Yates County Sheriff’s Patrol Car Wins Design Contest
The judges for a national law enforcement magazine contest like the look of the new Yates County Sheriff patrol cars. Sheriff Ron Spike was most pleased being notified by Hendon Publishing Co. from Illinois that the patrol cars marking design took first place in its division for Law and Order magazine’s International Police Vehicle Design Contest. The magazine is a popular law enforcement monthly focusing on police management and sent to public safety agencies throughout the USA.
Complimentary issues are sent to law enforcement agencies across the country, and when Chief Deputy Howard Davis saw the contest notice earlier this year he decided to enter.
“We had a new design, and we wanted to let the world see what we had to offer,” Davis said, noting that the older patrol vehicles have a horizontal strip of red and gold with “sheriff” in the middle. The new design is the same red and gold strip, but instead of being straight, it follows the shape of the car, curving down along the front tire. In large and bold gold lettering, “sheriff” is written in the middle of the strip, with an outlined “Yates County” beneath it with “911” at stripes end.
Perhaps most striking is the sheriff’s gold star rising from a state map outline showing where the county is located in the state. Inside the star is the official county seal, representing higher education, three of the Finger Lakes, the Mennonite community and agriculture. “It shows all the different portions of the communities we serve to protect,” Davis says.
Officers worked on design recommendations last year coordinated by Sgt. Ed Nemitz and Correction Officer Lisa Wood, making draft submissions to Spike for changes and final approval. Wood created a computer-generated design of the emblem, which she then produced and applied to seven new patrol cars so far. Yates fell into the “Sheriff up to 25 officers, East” category and was up against several departments including: Blackford County, Ind.; Polk County, Ga.; Clay County, Ill.; Hampton County, S.C.; and Powell County, Ky in the final determination, decided in June.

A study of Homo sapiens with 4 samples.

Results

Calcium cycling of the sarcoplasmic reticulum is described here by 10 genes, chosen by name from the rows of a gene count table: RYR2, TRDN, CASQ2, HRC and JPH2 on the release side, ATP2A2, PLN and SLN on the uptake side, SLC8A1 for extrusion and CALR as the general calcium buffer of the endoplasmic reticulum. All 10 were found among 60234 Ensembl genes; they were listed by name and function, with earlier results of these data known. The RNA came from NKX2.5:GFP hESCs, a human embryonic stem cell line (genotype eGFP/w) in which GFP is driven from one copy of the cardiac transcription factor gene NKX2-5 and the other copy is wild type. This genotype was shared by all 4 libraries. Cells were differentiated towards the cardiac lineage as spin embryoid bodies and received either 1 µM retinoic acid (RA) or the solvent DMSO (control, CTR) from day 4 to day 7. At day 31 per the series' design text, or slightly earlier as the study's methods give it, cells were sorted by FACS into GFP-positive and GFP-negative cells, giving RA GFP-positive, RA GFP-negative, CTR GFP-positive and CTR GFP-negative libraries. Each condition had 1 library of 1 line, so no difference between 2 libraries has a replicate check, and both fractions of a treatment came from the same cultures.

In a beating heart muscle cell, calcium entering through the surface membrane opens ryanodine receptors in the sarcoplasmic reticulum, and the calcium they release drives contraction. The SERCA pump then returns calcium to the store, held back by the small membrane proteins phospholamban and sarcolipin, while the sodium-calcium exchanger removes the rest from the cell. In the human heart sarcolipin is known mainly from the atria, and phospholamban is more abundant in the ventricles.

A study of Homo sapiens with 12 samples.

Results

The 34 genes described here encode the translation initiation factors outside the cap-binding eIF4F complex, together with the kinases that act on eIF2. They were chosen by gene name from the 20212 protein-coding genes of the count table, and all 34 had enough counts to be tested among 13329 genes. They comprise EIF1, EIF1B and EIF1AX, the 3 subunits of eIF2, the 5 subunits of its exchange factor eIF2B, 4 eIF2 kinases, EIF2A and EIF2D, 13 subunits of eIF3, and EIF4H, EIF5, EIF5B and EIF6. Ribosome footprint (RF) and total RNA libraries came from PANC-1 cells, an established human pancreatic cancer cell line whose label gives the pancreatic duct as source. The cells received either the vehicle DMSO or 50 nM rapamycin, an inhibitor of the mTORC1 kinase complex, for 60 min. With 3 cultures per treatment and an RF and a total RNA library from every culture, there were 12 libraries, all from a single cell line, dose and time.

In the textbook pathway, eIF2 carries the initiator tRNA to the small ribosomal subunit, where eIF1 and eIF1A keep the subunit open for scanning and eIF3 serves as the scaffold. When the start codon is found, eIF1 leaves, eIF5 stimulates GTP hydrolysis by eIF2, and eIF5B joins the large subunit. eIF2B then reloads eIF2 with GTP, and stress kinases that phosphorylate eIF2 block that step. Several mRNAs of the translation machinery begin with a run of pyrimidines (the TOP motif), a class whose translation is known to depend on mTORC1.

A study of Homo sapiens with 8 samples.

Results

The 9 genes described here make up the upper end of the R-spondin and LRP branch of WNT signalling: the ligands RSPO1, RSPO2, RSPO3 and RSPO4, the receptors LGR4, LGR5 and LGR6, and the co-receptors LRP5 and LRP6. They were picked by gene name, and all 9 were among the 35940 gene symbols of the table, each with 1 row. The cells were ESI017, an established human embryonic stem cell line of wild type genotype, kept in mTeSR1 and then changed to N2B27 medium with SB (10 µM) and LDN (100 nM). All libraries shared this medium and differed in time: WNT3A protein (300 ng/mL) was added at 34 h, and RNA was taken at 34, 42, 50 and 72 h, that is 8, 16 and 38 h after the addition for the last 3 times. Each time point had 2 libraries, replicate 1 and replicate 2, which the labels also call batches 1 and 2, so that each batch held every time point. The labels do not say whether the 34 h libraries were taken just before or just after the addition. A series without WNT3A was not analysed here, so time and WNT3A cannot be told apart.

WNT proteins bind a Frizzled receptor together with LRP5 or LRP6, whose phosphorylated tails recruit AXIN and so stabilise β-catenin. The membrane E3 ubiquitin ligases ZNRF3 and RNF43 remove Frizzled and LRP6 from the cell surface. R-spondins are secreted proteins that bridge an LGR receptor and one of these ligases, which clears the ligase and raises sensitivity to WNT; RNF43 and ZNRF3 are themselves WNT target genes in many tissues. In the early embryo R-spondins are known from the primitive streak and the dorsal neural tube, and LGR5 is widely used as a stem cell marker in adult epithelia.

The judges commented that “Yates County’s unique color combination is bright and immediately catches your attention. The emblem coming out of the state makes this car really pop. It is a clean, bold, well-rounded package.” Diane Ritchey, editorial director of Hendon Publishing, said the vehicles were judged on integrity; meeting the criteria of the contest guidelines; the safety of the officer driving; and the ability to identify the vehicle as a law enforcement vehicle.
The Yates County design was chosen for its “more sleek exterior profile to the contour of the newer body styles of the Crown Vic,” the choice of color, use of reflective material for visibility and safety, and the design of the sheriff’s star with the county seal emerging from the map of the state.
Spike thanks everyone involved in this project and says, "We will all be very proud to see our patrol vehicle in the August edition of Law and Order magazine.”